The end of an era
It’s the film criticism equivalent of Tiger Woods hypothetically retiring next week or of the death of Ronald Reagan. Roger Ebert is walking away from the show that made him certainly the most-famous and arguably the most-influential film critic ever.
In its various incarnations, from PBS to syndication, from “Sneak Previews” to “At the Movies” to “Siskel and Ebert,” his show was the show that put film criticism into the popular consciousness and made stars of him and Gene Siskel, to the point they were commenting on the Olympics, appearing on Carson and Arsenio, and speaking to Harvard Law School and Playboy magazine (one of only three issues I ever purchased). His reflected glory was even enough to make a star of Richard Roeper, who also is leaving the show, and the breakdown of whose negotiations with Disney apparently created the occasion for Ebert’s official leave-taking. People who have seen him since his jaw surgery had told me they doubted Ebert would ever appear on TV again, because of what the surgery had to do to his voice and his face. This statement though seems to imply Ebert may be back on TV:
The trademark still belongs to me and Marlene Iglitzen, Gene’s widow, and the thumbs will return.
I’m not sure that’s the best idea, as it might be the equivalent, not of Tiger retiring next week, but one of Muhammad Ali’s comebacks. I wrote my eulogy of Ebert’s career a couple of years ago, and what I said then still stands up, I think. His taking leave of the show is not the death, but the funeral. I was a religious viewer of Siskel & Ebert and then a semi-religious viewer of Ebert & Butt-head too. I’ve only watched a few of the Roeper & Guest shows, from beginning to end, since Ebert had to take leave from the show because of his cancer. So it’s hard for me to have a very different reaction than that of Patrick Goldstein in the LA Times:
As much as I admire Ebert, once Siskel was gone–he died in 1999–the show lost momentum. The magic was gone. …
Television is a performance medium. Criticism is about words and ideas, which is why it belongs on the page, be it in a newspaper or on a computer screen. As a fan of Ebert, I’m delighted to see him abandoning TV and putting all his energy into writing again. It’s where he belongs. He recently launched a blog, called Roger Ebert’s Journal, which has been an absolute delight to read …
Still, I wouldn’t write that second paragraph as strong as Goldstein did. I do think he underestimates how strong the show was. As I wrote a couple of years ago (link above):
It’s tempting to forget now, with Mister Roper on the other side of the aisle, just how good Siskel & Ebert TV show was in the 80s. For us, Siskel & Ebert were doing something other than hyping the latest blockbusters and running Top 10 grossing lists, like Entertainment Tonight. It was the only word you could get at the time that there were the important Indie and foreign films to look out for if they eventually came to your town. And the two actually had something to say about film history and the classics. Again the comparisons with the clone shows — involving Jeffrey Lyons and Michael Medved, or Rex Reed, Bill Harris and Dixie Whatley — make the point about how much more substantial Siskel and Ebert’s show was. The other mentioned critics are all justly forgotten (except for Medved, who’s carved out a career as a political commentator).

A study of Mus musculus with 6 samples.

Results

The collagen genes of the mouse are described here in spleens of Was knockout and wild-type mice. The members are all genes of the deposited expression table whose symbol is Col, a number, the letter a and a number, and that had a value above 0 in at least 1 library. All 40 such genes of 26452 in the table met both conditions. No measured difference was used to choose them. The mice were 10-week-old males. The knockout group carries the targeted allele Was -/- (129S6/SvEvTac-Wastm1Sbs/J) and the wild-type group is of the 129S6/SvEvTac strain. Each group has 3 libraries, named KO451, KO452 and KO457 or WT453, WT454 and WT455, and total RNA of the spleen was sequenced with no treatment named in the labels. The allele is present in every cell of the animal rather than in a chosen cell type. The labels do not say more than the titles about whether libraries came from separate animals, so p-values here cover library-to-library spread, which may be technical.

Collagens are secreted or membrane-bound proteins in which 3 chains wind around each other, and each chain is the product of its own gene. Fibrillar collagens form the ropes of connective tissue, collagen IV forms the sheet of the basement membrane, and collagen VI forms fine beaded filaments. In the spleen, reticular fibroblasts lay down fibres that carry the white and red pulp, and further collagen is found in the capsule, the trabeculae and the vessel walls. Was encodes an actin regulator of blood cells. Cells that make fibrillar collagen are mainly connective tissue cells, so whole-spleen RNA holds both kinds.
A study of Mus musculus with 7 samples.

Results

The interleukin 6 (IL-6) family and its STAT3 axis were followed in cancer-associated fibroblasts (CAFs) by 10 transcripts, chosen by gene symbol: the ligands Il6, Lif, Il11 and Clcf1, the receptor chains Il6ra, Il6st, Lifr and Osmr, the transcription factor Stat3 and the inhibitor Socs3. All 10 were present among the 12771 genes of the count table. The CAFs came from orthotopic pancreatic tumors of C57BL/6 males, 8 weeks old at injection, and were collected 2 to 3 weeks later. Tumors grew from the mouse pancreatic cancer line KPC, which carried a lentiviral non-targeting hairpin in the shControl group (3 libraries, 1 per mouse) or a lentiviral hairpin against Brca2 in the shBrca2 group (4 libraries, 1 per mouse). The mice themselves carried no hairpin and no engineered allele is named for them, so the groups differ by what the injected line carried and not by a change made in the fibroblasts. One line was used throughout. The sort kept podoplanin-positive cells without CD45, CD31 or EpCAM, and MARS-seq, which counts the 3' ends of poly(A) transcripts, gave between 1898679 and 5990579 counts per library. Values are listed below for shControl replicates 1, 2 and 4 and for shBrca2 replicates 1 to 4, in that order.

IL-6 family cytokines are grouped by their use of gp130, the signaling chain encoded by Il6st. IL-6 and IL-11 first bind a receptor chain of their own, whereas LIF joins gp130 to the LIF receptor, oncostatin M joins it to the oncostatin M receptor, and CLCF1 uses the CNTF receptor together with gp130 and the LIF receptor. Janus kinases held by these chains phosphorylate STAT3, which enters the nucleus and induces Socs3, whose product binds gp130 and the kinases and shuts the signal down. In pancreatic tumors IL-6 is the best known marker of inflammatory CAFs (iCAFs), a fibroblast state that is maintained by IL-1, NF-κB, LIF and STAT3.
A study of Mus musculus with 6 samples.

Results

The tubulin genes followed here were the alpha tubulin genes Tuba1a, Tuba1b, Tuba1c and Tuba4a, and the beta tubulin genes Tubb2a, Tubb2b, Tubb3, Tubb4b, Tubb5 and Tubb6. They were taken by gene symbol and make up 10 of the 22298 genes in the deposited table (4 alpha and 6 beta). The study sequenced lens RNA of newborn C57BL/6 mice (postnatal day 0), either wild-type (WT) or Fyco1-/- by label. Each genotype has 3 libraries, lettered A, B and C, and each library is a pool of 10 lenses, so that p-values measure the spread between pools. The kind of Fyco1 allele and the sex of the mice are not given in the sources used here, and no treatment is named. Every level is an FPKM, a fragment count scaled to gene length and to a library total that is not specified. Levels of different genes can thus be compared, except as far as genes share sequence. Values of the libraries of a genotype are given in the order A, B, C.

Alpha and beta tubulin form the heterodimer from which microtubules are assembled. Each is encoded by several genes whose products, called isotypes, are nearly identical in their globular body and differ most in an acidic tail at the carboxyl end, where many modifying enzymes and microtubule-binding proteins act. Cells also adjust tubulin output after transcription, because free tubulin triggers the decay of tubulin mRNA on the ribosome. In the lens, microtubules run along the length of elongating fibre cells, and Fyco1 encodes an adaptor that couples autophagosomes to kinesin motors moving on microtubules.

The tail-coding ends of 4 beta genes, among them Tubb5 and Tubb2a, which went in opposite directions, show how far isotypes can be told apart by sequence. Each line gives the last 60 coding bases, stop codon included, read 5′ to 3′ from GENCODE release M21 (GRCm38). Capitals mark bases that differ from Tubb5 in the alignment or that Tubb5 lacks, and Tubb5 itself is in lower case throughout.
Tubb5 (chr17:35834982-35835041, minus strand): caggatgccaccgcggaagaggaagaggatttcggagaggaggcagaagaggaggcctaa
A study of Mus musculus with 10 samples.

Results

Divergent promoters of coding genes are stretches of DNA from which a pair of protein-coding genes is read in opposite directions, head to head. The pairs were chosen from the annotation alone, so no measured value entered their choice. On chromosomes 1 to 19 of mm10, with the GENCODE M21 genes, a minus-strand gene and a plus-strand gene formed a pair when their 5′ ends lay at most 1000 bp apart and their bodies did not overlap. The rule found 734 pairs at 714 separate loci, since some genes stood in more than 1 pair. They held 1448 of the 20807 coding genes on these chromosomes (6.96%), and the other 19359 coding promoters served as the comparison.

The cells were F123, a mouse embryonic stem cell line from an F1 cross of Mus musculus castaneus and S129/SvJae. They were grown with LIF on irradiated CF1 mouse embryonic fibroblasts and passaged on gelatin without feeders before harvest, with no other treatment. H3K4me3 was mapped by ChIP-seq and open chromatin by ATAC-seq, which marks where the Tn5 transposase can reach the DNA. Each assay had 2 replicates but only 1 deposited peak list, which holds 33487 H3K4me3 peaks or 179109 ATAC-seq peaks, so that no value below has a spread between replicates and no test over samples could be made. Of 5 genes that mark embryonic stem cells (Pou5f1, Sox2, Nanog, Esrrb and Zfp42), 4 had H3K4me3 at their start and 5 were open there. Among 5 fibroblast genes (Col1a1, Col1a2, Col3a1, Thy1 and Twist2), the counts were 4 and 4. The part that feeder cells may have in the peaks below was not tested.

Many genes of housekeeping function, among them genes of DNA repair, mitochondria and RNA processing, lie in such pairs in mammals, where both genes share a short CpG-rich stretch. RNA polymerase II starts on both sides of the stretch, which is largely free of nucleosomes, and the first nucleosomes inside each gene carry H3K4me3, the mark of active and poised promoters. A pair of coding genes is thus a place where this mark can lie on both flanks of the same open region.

All you have to do is look at the segments now, which are widely available on YouTube (and which I just wasted hours watching again). Here is their segment on ROGER & ME (which I saw before declaring it 1989’s best film in one of the first reviews I ever wrote, for the college paper):
Here is their dispute on BLUE VELVET (which I didn’t see at the time):
Here is their battle over FULL METAL JACKET (which I did see at the time):
And you know … just looking at these segments is somewhat sad. Even now, it doesn’t matter whether they were right to love ROGER & ME or who I thought was right about FULL METAL JACKET or BLUE VELVET (though they were; and it was Gene on the first and Roger on the second). These are seriously descriptive and substantive discussions (constrained by time and the limits of impromptu oral argument). Gene and Roger went into the details of the films and allowed a clip to go on for as long as 20 seconds and more, making Siskel & Ebert worth watching for the sheer intellectual sport and to help gauge and mold your own reaction.
There is no show on TV like that now, not even Ebert & Roeper in its last couple of years; no show that I can imagine lighting a fire under a young cinephile. And I certainly don’t expect Ben Mankiewicz and Ben Lyons to do it. But hope is obligatory in criticism, and in life in general too.